UK Prime Minister David Cameron has kicked off his new year election offensive with a headline-grabbing pledge to protect the value of state pensions until at least 2030 if he wins next year's poll.
With 2014 looking like the start of the longest UK election campaign yet, Cameron is determined to snatch back some of the ground lost to Labour's Ed Miliband last year over the cost of living crisis.
By promising to keep the "triple-lock" on pensions – meaning they will always rise in line with wages, inflation or by 2.5%, whichever is highest – he has started with a bold policy that will certainly spark some frantic searching for a matching pledge from Miliband.
The Labour leader did attempt an equally robust election promise by announcing a Labour government would stop employers exploiting a loophole that allows firms to use agency workers as a way of paying low wages. But it was Cameron's pensions guarantee that made the early running.
However, the prime minister may not get the entirely unalloyed positive response he was planning for when he mapped out the new manifesto commitment over the Christmas break.
For a start, in both his newspaper interview which unveiled the proposal, and in a later BBC appearance, he failed to rule out further lowering the top rate of tax from the current 45%, already down from the Labour government's 50%.
In fact, by stating that the lower rate was already bringing in more tax revenue than the higher rate, he suggested he may reduce it further.
He told the Sunday Times: "It just seemed to me that if your top rate of tax is not raising the money that it should, and it's holding back the competitiveness of the economy, then even if it's politically unpopular to change it, you must do it.
"Having a top rate of tax of 50p is just going to hold Britain back. And what we've seen since the change is actually the growth of tax revenues."
Later, perhaps recognising he might have offered a weapon to Labour who will talk about tax cuts for millionaires, he also insisted if he had any money in the coffers now, he would choose to help those on the lowest incomes first.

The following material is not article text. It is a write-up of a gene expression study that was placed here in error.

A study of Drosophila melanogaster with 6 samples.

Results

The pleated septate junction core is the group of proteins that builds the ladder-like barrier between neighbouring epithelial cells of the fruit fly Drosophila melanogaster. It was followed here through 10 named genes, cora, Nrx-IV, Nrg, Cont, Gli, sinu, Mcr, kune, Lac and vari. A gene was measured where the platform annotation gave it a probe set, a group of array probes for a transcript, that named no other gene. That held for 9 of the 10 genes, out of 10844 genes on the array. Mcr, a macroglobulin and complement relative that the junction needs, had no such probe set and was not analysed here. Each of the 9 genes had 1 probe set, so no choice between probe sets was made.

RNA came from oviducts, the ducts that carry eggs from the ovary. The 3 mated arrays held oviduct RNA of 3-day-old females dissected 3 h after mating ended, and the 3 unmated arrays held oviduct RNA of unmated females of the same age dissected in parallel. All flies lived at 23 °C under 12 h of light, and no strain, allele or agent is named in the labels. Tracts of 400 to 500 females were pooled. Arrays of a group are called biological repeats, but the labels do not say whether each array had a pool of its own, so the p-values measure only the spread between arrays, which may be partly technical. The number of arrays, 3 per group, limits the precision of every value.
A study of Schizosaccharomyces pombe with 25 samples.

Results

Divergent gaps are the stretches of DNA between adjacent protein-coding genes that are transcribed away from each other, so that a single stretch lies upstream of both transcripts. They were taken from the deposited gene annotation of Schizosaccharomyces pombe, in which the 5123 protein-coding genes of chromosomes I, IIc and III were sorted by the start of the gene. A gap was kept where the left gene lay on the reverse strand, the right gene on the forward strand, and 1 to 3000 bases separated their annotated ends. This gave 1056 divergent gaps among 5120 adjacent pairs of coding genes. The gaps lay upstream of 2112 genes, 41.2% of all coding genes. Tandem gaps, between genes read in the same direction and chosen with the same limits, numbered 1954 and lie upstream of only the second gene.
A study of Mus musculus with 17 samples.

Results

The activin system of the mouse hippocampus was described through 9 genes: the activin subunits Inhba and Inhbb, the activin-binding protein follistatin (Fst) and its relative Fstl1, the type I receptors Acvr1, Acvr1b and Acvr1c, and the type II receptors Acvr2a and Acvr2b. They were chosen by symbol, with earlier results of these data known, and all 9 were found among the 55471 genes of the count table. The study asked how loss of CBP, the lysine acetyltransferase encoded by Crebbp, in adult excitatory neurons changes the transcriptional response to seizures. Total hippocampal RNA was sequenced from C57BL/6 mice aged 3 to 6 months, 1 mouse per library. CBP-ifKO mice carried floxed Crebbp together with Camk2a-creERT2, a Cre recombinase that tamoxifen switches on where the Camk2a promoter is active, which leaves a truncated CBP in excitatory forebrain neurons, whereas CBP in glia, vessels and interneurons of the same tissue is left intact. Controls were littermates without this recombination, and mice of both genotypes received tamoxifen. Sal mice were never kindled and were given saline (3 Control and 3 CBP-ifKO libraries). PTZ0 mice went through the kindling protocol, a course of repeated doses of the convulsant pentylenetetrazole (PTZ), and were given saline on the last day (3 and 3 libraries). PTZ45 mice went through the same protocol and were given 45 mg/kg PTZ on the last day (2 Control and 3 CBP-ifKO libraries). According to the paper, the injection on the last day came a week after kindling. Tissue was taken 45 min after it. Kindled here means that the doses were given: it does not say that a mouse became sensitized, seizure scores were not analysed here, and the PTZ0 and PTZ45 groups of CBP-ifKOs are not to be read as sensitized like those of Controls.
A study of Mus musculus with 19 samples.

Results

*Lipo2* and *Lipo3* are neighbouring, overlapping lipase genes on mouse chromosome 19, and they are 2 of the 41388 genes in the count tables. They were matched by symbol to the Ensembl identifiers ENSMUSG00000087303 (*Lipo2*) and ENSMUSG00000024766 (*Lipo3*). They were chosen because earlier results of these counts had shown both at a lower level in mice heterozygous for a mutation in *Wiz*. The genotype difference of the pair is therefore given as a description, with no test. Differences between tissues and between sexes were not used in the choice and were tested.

But that will not stop him being pressed hard between now and the election to state clearly whether he would ultimately favour reducing the top rate of tax even further.
There are plenty of Tories who would desperately like to hear him promise tax cuts, while party strategists know how that would be portrayed by Labour and how it would play during a period of austerity.
Just as undermining, though, was Cameron's refusal to rule out scrapping some pensioner benefits, such as winter fuel payments, as a way of meeting the costs of the triple-lock guarantee.
Pressed on the issue, he would only say that it had been a manifesto promise before the last election and he had kept it, but as for the next election: "We will set out our plans in our manifesto."
So no guarantees and questions will be raised over what will have to be cut to meet the pensions pledge, with benefits bound to be near the top of the list of demands.
There are two significant factors behind Cameron's decision to target the over-65s and both have been highlighted by polling carried out by Tory Lord Ashcroft.
Firstly, 46% of pensioners who have not decided how to vote next year say they would consider backing Cameron. The over 65s always vote in far greater numbers than younger people, with turnouts of around 68%, so the prime minister's promise is clearly aimed directly at them.
Secondly, there is evidence that older voters are more likely to favour Ukip, and Ashcroft's polling shows 67% of those likely supporters prefer Cameron to Miliband. So by offering a promise to pensioners, the Tories are clearly hoping to woo them away from Nigel Farage's party.
The prime minister insisted his promise was "a choice based on my values," adding: "People who have worked hard, done the right thing and provided for their families … should be given dignity and security in their old age."
But few doubt that what this promise amounts to is a concerted, and costly attempt to shore up Tory support among the over 65s. And there was immediate good news on that front with over-50s lobbying group Saga declaring: "(It) will be warmly welcomed by British pensioners, giving them confidence that their lifetime of work will be properly valued by society."